You have to hand it to Texas Gov. Rick Perry.
His fearlessness is a thing to behold. And I don’t mean that necessarily as a compliment.
Perry’s latest job-poaching strategy is now aimed at Illinois. He’s taken out an ad in a business journal that goes directly after employers who might want to relocate in Texas.
You’ll recall that a few months ago, Perry ventured to California to recruit business owners there to bring their operations to Texas. He openly antagonized California Gov. Jerry Brown. I’m guessing he intended to do precisely that, given that Perry is a partisan Republican and Brown is an equally partisan Democrat.
And what about the Illinois governor? He is Patrick Quinn, another dreaded Democrat who more than likely doesn’t much like the overtures that Perry is making in his state.
The last time I commented on Perry’s job-hunting venture, some of my friends said I was being unfair because, they said, the governor is merely doing his job, which is to promote Texas. I certainly understand his desire to create jobs for Texans.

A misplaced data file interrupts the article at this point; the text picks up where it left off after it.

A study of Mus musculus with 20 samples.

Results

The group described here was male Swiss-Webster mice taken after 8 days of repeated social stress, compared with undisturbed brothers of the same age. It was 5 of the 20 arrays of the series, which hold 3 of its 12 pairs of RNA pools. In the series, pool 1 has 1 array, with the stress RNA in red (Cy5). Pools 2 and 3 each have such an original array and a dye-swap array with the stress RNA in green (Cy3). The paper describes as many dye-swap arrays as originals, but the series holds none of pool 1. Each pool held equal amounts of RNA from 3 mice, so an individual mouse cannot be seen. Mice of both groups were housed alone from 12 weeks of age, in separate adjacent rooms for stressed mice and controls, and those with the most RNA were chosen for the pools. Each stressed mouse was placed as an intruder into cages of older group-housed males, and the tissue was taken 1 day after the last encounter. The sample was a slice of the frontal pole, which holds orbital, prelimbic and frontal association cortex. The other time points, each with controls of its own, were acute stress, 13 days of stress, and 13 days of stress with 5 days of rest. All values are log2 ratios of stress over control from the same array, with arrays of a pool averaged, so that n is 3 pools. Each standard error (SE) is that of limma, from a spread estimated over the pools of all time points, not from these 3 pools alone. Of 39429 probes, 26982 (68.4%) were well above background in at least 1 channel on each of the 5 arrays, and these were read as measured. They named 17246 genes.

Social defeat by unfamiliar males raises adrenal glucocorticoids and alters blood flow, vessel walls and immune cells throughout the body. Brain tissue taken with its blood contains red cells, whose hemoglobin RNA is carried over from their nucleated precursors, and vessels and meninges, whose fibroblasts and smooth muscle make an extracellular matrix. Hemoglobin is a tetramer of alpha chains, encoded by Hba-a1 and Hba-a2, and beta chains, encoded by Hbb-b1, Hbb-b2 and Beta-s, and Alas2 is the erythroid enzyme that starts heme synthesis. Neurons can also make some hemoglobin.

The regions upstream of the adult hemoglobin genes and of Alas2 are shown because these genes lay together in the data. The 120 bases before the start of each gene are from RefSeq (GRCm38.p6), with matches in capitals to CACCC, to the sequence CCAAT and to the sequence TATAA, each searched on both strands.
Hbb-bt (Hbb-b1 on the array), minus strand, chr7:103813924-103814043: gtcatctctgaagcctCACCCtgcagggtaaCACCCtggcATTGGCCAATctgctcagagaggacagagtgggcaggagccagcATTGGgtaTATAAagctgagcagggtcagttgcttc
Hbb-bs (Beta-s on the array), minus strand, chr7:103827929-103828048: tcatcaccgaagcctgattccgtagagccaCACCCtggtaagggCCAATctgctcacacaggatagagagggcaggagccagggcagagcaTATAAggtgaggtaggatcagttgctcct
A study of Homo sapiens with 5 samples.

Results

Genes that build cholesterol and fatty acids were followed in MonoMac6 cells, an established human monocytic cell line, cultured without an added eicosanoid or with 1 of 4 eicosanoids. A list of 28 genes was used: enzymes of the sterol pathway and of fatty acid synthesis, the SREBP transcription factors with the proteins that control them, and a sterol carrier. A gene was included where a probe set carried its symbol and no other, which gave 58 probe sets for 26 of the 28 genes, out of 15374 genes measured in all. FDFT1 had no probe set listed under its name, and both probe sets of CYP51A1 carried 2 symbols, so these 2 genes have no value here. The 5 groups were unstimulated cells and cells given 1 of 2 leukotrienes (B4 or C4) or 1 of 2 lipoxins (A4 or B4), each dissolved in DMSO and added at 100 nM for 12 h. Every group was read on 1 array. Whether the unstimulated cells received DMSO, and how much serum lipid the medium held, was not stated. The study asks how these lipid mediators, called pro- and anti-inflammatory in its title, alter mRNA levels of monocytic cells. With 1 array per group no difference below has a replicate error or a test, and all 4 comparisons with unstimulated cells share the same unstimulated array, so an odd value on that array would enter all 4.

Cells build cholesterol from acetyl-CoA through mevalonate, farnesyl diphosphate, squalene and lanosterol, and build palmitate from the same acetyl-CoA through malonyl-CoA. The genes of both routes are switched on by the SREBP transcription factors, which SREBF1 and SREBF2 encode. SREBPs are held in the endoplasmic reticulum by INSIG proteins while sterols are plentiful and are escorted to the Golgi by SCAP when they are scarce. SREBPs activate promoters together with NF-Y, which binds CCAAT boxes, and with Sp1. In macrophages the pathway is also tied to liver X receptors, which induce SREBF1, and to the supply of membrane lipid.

But what’s still a bit unsettling to me is the brazen approach Perry is taking with these public-relations tactics. It’s one thing to promote Texas’s business climate in the relative quiet of a corporate conference room or a board meeting. It’s quite another to make a grand show of it, which he did in California and which he is doing now with the Illinois effort.
Here’s what he posted in an “open letter” published in Crain’s Chicago Business: “If you’re a business owner in Illinois, I want to express my admiration for your ability to survive in an environment that, intentionally or not, is designed for you to fail. With rising taxes and government interference on the upswing, your situation is not unlike a burning building on the verge of collapse.”
Still, there’s something to be said for the gumption the governor is showing. I cannot help but wonder how it might play with voters who – believe it or not – might have to consider whether someone who wants to take jobs away from their state is presidential material in, say, 2016.